LOS ANGELES - The manslaughter trial of Michael Jackson's personal doctor began Tuesday with a shocking photo of the singer's dead body and an eerie recording his voice slurring through a purported propofol haze.
The prosecution picture projected in the courtroom showed Jackson's lifeless body on a hospital gurney under the powerful heading "Homicide."
The almost incoherent recording, also presented by prosecutors, was retrieved from defendant Dr. Conrad Murray's iPhone with a time stamp of May 10, 2009 - about a month before Jackson died from an overdose of the surgery-strength anesthetic propofol on June 25.
"When people leave this show, when people leave my show, I want them to say, 'I've never seen nothing like this in my life. Go. Go,'" Jackson is heard saying in painfully slow, clearly intoxicated speech.
"I'm taking that money, a million children, children's hospital, the biggest in the world, Michael Jackson's Children's Hospital," the labored voice from beyond the grave continued.
"This voice recording documents Michael Jackson highly under the influence of unknown agents," prosecutor David Walgren told jurors during his opening statement.
"(It documents) Conrad Murray's knowledge of what he is doing to Michael Jackson," Walgren said before hammering the Houston cardiologist for his "extreme deviations" from medical standards.
Walgren said Murray pumped Jackson with propofol as part of a lethal cocktail of drugs then abandoned the singer to make calls and return emails the morning of June 25, 2009.
He said Murray did not have the proper equipment to administer the dangerous anesthetic, waited 25 minutes to call 911 when he noticed Jackson wasn't breathing and "deceived" paramedics and emergency room doctors by not telling them about the propofol when "specifically asked."
In short, he said Murray failed to act like a doctor, and his negligence caused Jackson's death.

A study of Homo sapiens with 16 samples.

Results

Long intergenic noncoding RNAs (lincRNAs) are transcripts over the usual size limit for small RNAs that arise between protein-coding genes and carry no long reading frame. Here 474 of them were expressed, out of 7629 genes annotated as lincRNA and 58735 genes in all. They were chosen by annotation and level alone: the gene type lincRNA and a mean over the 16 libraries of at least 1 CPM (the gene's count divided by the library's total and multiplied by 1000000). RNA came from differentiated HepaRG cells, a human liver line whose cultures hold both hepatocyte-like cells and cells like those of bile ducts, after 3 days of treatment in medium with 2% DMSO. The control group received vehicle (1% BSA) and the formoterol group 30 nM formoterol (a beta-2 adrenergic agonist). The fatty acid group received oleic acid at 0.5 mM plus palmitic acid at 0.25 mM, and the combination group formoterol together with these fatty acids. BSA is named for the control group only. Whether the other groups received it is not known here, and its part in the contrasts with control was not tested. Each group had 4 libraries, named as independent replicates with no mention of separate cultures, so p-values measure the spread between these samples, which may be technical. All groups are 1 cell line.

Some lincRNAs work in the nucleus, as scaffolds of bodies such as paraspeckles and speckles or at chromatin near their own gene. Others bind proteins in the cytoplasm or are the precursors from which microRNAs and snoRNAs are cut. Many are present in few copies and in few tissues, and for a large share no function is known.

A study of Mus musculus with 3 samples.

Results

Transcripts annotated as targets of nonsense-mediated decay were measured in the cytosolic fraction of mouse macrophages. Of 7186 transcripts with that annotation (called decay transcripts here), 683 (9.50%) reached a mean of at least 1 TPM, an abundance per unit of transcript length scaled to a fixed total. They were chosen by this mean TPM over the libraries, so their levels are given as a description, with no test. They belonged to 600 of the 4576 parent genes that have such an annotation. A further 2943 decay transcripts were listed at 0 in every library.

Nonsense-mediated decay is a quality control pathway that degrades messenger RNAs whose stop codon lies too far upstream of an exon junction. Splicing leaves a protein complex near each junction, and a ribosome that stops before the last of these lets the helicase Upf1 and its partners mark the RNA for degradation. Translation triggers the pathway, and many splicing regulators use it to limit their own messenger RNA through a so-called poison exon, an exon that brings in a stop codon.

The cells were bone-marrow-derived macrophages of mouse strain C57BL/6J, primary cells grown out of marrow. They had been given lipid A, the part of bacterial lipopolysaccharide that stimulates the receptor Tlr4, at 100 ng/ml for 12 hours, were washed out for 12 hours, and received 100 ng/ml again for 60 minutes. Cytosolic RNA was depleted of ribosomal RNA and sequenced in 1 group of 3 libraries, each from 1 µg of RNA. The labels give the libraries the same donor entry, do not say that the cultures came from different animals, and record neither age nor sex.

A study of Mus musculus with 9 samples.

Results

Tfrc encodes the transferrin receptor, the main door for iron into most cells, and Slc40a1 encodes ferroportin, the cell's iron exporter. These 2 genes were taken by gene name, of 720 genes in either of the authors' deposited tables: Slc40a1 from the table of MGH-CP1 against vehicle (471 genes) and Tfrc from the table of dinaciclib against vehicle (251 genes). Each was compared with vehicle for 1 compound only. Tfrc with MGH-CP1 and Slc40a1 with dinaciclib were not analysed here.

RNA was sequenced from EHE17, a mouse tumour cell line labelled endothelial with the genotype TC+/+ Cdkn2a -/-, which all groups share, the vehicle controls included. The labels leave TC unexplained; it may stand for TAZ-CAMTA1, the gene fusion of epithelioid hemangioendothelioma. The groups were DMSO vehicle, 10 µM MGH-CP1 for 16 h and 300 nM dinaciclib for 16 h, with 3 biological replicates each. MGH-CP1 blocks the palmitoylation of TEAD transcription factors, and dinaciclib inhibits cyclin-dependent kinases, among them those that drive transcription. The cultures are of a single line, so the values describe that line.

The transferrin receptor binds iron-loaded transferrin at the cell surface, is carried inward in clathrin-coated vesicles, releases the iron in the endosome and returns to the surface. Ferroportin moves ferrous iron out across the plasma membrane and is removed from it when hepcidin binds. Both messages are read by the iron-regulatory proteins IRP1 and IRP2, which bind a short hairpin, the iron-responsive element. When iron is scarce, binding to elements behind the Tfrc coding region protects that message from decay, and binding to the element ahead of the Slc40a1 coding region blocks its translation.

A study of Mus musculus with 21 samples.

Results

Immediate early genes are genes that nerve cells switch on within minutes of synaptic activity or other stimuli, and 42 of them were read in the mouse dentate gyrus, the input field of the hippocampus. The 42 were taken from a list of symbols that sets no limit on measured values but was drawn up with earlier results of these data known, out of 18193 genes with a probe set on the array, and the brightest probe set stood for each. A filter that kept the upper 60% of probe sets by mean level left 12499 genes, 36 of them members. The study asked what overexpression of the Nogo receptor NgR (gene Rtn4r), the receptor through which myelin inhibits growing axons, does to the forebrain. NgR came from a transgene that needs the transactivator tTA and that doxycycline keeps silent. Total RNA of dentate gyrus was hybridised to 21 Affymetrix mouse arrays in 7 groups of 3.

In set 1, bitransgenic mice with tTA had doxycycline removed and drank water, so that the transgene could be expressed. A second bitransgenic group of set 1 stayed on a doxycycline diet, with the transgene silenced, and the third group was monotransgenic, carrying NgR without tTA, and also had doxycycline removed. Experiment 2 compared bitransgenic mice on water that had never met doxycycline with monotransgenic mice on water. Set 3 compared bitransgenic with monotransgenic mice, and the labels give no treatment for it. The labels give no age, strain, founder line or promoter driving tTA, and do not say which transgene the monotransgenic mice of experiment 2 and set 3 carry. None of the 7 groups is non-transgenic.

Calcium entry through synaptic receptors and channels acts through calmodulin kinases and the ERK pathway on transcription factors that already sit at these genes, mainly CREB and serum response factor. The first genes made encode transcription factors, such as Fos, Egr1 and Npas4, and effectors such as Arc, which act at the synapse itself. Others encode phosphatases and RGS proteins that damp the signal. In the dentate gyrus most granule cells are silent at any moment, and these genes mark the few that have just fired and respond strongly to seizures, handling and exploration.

"Conrad Murray, with his eyes on an anticipated $150,000 (per month) lucrative contract, instead agreed to provide Michael massive amounts of propofol on a regular basis in complete disregard of all acceptable standards of medical care," Walgren said.
Jackson's famous sister Janet Jackson, his parents and several other siblings filled the downtown courtroom for the first day of the long-awaited trial.
The entertainer's three children were not present, but his eldest son and daughter could be called during the trial since they witnessed some of the chaotic resuscitation attempt.
Murray, 58, has been charged with involuntary manslaughter and faces up to four years in prison and a likely loss of his medical license if convicted.
His defense lawyer started his opening statement saying Jackson was responsible for his own death.
Ed Chernoff told jurors that the King of Pop woke during Murray's absence and self-administered enough extra propofol to create a "perfect storm" that killed him "so instantly he didn't even have time to close his eyes."
Murray, who dabbed tears during his lawyer's statements, earlier told investigators that Jackson used propofol for his insomnia - calling it his "milk" - and that he was trying to wean the 136-pound performer from his addiction over a two-month period of nightly doses.
"Good morning! On way to court. Wish all parties involved were on trial. And not just Murray," Jackson's sister LaToya Jackson said on Twitter before walking through the circus of fans outside the courthouse. "This is DEFINITELY A STRAIGHT MURDER TRIAL!!!!"